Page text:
March 24, 2012 | 10:53 am

Hempcrete house Push DesignWoody Harrelson championed the environmental benefits of hemp. Giorgio Armani and Calvin Klein incorporated it into their collections. Now a company promoting hemp as the eco-building material of the moment said it wants to build California's first hemp house.

Knapp's Castle siteHemp Technologies said it wants to use hemp-based materials to construct a 500-square-foot structure at the ruins of Knapp's Castle near Santa Barbara. The castle, completed in 1920, was built for Union Carbide founder George Owen Knapp but destroyed by wildfire in 1940. Since then, all that has remained on the property are the sandstone blocks outlining the once-grand estate.

The principal material for the project is Hempcrete, made of the woody internal stem of the Cannabis sativa plant, which is processed into chips and mixed with a lime-based binder. That concoction is then sprayed on, poured into slabs or formed into blocks like concrete to create the shell of a building. Interior surfaces are plastered, and exterior surfaces are stuccoed.

“The walls are to be framed and earthquake-braced internally with lumber,” said Greg Flavall, Hemp Technologies' co-founder, who added that “hemp is very close in cellulosic value to wood.” The material helps to keep structures warm in winter and cool in summer, he said.

Other advantages, advocates have said, beyond the fact that the plant can be grown with little water and few pesticides: Hemp is resistant to fire damage and termites. Although air does not pass through the walls, moisture naturally dries out, and mold or dry rot are not problems. David Madera, who co-founded Asheville, N.C.-based Hemp Technologies with Flavall, credited the walls' lime content, which needs carbon dioxide to harden.

The lime will pull carbon dioxide from the environment after the home is built “because the lime wants to go back to being a rock,” Madera said. “That means the wall is going to get harder and harder over time.”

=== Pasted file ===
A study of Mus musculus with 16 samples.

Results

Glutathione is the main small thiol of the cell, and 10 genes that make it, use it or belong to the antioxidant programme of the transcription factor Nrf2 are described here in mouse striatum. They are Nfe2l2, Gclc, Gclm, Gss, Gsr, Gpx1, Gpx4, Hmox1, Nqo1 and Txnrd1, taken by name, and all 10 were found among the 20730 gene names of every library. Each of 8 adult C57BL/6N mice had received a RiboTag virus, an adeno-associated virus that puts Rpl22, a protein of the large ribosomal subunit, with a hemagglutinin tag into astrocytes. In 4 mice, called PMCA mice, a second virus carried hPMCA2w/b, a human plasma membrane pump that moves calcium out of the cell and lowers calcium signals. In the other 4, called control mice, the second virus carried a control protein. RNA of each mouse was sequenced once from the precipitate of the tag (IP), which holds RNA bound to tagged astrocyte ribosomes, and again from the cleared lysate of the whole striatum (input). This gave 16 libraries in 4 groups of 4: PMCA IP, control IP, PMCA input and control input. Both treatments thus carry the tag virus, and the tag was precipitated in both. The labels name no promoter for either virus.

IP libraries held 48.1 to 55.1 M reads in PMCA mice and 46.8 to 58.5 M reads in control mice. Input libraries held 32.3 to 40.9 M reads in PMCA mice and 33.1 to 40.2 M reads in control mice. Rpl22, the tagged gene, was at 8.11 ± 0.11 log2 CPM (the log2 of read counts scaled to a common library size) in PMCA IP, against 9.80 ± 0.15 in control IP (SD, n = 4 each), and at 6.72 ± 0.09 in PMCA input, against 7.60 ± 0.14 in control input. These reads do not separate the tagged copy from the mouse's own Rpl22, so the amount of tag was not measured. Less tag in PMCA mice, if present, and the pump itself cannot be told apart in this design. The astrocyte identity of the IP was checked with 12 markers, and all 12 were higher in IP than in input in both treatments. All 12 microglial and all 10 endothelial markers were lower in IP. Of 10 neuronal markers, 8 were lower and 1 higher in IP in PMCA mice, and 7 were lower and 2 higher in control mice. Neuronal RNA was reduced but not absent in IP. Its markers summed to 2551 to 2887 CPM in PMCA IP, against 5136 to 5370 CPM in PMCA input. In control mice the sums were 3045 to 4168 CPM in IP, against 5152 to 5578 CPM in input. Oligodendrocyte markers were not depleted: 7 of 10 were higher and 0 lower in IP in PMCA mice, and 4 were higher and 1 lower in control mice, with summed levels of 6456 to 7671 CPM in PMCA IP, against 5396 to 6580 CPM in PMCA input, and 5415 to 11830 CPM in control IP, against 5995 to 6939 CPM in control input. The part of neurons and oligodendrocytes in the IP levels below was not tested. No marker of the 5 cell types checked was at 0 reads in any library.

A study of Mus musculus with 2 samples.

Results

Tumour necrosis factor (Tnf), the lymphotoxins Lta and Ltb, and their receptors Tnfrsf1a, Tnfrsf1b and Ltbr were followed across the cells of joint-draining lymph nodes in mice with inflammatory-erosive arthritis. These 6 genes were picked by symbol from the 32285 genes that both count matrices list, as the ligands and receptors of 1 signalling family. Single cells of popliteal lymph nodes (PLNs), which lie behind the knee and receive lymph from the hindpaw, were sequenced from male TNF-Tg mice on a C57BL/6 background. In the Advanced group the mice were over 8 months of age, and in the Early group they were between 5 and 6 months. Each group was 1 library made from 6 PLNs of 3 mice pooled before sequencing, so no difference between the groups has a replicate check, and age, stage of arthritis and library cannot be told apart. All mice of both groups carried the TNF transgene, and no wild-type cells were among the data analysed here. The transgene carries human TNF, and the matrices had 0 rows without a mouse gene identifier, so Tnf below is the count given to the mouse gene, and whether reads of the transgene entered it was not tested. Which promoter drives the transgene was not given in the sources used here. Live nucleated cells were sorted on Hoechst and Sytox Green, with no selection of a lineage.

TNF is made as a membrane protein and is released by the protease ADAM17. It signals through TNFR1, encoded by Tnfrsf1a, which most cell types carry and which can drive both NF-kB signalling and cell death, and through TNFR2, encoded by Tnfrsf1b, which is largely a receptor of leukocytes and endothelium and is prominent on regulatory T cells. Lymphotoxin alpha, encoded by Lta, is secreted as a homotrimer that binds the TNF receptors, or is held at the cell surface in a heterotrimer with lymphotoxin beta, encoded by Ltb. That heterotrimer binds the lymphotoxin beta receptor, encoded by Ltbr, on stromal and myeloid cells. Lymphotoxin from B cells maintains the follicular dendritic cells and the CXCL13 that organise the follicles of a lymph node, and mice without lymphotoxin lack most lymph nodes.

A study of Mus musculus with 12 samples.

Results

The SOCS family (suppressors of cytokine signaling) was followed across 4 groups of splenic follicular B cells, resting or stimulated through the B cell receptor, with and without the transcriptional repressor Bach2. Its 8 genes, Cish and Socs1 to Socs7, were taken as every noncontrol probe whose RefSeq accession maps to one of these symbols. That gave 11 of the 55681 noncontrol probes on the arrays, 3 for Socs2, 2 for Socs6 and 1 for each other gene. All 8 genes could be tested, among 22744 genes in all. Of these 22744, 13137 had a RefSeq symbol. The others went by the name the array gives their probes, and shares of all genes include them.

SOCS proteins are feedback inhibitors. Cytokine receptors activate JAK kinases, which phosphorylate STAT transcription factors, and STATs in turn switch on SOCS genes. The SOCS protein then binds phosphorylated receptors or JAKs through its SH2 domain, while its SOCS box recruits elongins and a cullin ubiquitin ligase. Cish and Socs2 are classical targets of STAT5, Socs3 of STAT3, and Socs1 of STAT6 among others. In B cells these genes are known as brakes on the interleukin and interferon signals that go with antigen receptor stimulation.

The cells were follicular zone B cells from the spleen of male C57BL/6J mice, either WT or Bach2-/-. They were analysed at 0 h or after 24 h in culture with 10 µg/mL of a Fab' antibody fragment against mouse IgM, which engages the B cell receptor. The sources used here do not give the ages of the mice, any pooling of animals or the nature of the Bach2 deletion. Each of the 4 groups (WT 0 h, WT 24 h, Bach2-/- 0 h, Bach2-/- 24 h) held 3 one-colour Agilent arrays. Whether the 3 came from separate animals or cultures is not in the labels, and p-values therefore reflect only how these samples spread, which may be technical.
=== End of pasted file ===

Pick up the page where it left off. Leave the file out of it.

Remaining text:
Flavall said the Knapp's Castle structure “will lock in about 12 tons of carbon dioxide that would otherwise have escaped into the atmosphere when the hemp cellulose decays in the field.”

That is, if the structure is completed. A Santa Barbara County official said a project has been submitted for planning approval but still needs to pass most stages of the permitting process. A house, outbuilding or any other structure would have to be deemed appropriate for the site, and any unconventional materials would have to be declared safe.

Madera, who declined to disclose the identity of his firm's California client, said Hemp Technologies has consulted on three Hempcrete houses in North Carolina, where the material was treated as an alternative form of insulation.

Although hemp contains only trace elements of tetrahydrocannabinol, or THC, the active ingredient in marijuana, hemp is still derived from a cannabis plant. State and federal laws do not make a distinction between varieties of cannabis used for clothing or building materials and varieties used for more psychoactive purposes, so producing hemp is prohibited. Importing hemp, however, is legal, and various companies are pushing forward with hemp building products too.

CannabricHemp Traders in L.A. distributes Hemp Board, a medium-density fiberboard (MDF) made from the same woody material that goes into Hempcrete. Hemp Board President Lawrence Serbin said his MDF is a sustainable alternative for doors, cabinets and shelves.

Spanish architect Monika Brümmer has developed Cannabric and Cannapanel, which, as the names suggest, are cannabis-based building blocks and wall panels. She has completed several residential projects in her country, where the products met construction standards.

-- Jeffrey Head

Photos, from top: Another Hempcrete house in North Carolina. Credit: Push Design. The site of Knapp's Castle in Santa Barbara County. Credit: Pfly / Wikipedia Commons

Corrected: An earlier version of this post ended with a photo of another home identified as one of three hemp houses in North Carolina. Though initial plans called for that house to use hemp, it ultimately was built with different materials, so we have deleted the photo.